Comics : Amazing Spider-Man (Vol. 1) #627
This review was first published on: Aug 2010.
Back in 1982 Amazing Spider-Man was host to a two-part story called Nothing Can Stop the Juggernaut. In it we were treated to the wallcrawler's first encounter with the eponymous villain, and it's gone down as one of Spidey's classic tales. Now writer Roger Stern is back with a sequel, of sorts.
Amazing Spider-Man (Vol. 1) #627
May 2010 : SM Title
Arc: Part 1 of "Something Can Stop The Juggernaut"
Peter Parker is on his way to dinner with Carlie when he gets an overwhelming spider-sense attack. The cause seems obvious. A red light in the sky that is shooting across the Manhattan sky-line. Realising how shaky his relationship with Carlie is at this point, Peter is loathe to make his customary excuses and disappear. However, Carlie makes those excuses for him. Mistaking his spidey senses for a cluster headache she sends Pete on his way, and promises to reschedule their dinner date.
Reflecting on how generally awesome Carlie is, Peter quickly changes into his Spider-Man costume and swings across the city. The red light seems to be a meteor of some kind, that Spidey watches impact in Central Park. Our hero follows the trail to devastation to discover that this was no meteor, but instead a broken and unconscious Juggernaut, who is lying prone before him. Who or what has the power to stop the Juggernaut?
Spider-Man reflects on his previous encounters with the Juggernaut, and how none of them have gone particularly well for him. Hearing the police approach, Spidey swings up into a tree and changes back into Peter Parker. He returns with his press pass and camera. The NYPD's superhero clean-up crew, Code Blue, are moving the unconscious Juggernaut to a secure facility. It seems the mystery must remain a mystery for now.
The following day, Spidey tries to get some help from his long-underwear buddies over his Juggernaut problem. But with Doctor Strange out of town, Professor X not checking his voice mail and everyone else busy, it seems that Spidey is on his own once again. After stopping a mugging, Spidey spots an unusual sight: a car perched precariously on the top of the Washington Square Arch.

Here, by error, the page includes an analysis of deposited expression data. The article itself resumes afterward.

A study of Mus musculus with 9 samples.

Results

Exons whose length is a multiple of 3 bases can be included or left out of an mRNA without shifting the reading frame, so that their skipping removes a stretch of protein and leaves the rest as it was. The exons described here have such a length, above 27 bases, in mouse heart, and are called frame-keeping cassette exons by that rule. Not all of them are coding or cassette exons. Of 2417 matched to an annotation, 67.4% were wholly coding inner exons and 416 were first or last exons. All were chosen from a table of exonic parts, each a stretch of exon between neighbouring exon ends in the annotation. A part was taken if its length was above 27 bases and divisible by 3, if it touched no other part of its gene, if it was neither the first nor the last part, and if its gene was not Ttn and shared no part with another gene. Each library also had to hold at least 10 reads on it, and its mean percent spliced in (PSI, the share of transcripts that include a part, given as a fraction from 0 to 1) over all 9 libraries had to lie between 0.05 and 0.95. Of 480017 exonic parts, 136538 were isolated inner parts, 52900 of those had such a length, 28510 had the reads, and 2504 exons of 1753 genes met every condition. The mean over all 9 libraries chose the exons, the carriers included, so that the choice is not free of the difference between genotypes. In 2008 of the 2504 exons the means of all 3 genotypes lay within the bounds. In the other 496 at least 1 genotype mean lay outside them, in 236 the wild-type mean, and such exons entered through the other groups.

The drunk in the car says he was dumped there by a blue and white flying guy. Spidey ignores clue number one. He then returns to his apartment with the intention of having a shower and washing his costume. The radio says that unusual seismic activity has been detected in Lower Manhattan. Spidey ignores clue number two. He then hurries to the laundrette where, halfway through the spin cycle, he remembers that he should be having dinner with Carlie.
Over dinner, Peter confesses to Carlie that the headache cleared up and he worked all night getting shots of the Juggernaut. She's genuinely interested in what Peter saw. She's heard that the Juggernaut is slipping in and out of consciousness and has still not completely recovered. He's being held over at the Inwood Armoury until various law-enforcement bodies can decide whose jurisdiction the big lug falls under. Obviously, this information is enough for Peter to take the initiative.
Spider-Man has no trouble in breaking into the armoury and getting to the Juggernaut. He is heavily restrained, but Spidey manages to wake him. He reminds Marko of when they've previously fought on the same side. The Juggernaut mumbles that he was attacked by someone he didn't recognise: a guy in a blue and white costume. Spidey realises the connection with the drunk from earlier.
Suddenly a flash of red light fills the room. A blue and white costumed character floats into view, surrounded by an aura of powerful energy. Spider-Man definitely recognises him. It's Captain Universe. Oboy.
The Juggernaut was first introduced in X-Men #5 back in 1965. That's forty-five years ago for those keeping track. During that time, the Juggernaut has been stopped many, many times. The whole shtick of "nothing can stop the Juggernaut" has become a little tired as, in the Marvel Universe, it quite obviously isn't the case.
However, this context serves to make Roger Stern's story all the more impressive. Despite the fact we've seen the Juggernaut have his helmet handed to him many times over the years, Stern still manages to make this defeat of the Juggernaut feel like a big a deal. The scenes of Spidey finding Marko in Central Park, and of him subsequently being winched away by the NYPD, are extremely well done. They add a certain gravitas to the proceedings.
Roger Stern also adds a decidedly 'old school' quality to the issue, that we haven't really seen in Spidey's comic books of late. From Spidey's abortive attempts to get help from other super-heroes, to the numerous flashbacks and continuity references, to Spidey stopping a random mugging… this very much feels like a comic that could have been published in 1982. And as this is a direct sequel to Stern's original story, this strikes me as both appropriate and intentional.
So, all-in-all this is a strong issue. It's not particularly grounded in the wider continuity of Amazing Spider-Man. Sure, Peter goes on a date with Carlie and a passing reference is made to his unemployed status, but on the whole you could drop this arc in-between most issues in the last two years without it causing many problems. Of course, Roger Stern, isn't part of the band of 'web heads' currently directing the Spider titles, so it's hardly surprising that this story is a little out of the loop. It's also quite refreshing to step outside The Gauntlet and have a break from the unending procession of Spidey's old villains and the scheming Ma Kravinov.
A good start to Stern's three part story. The issue is all set-up, we'll have to see whether it delivers on its promise. Three and a half webs.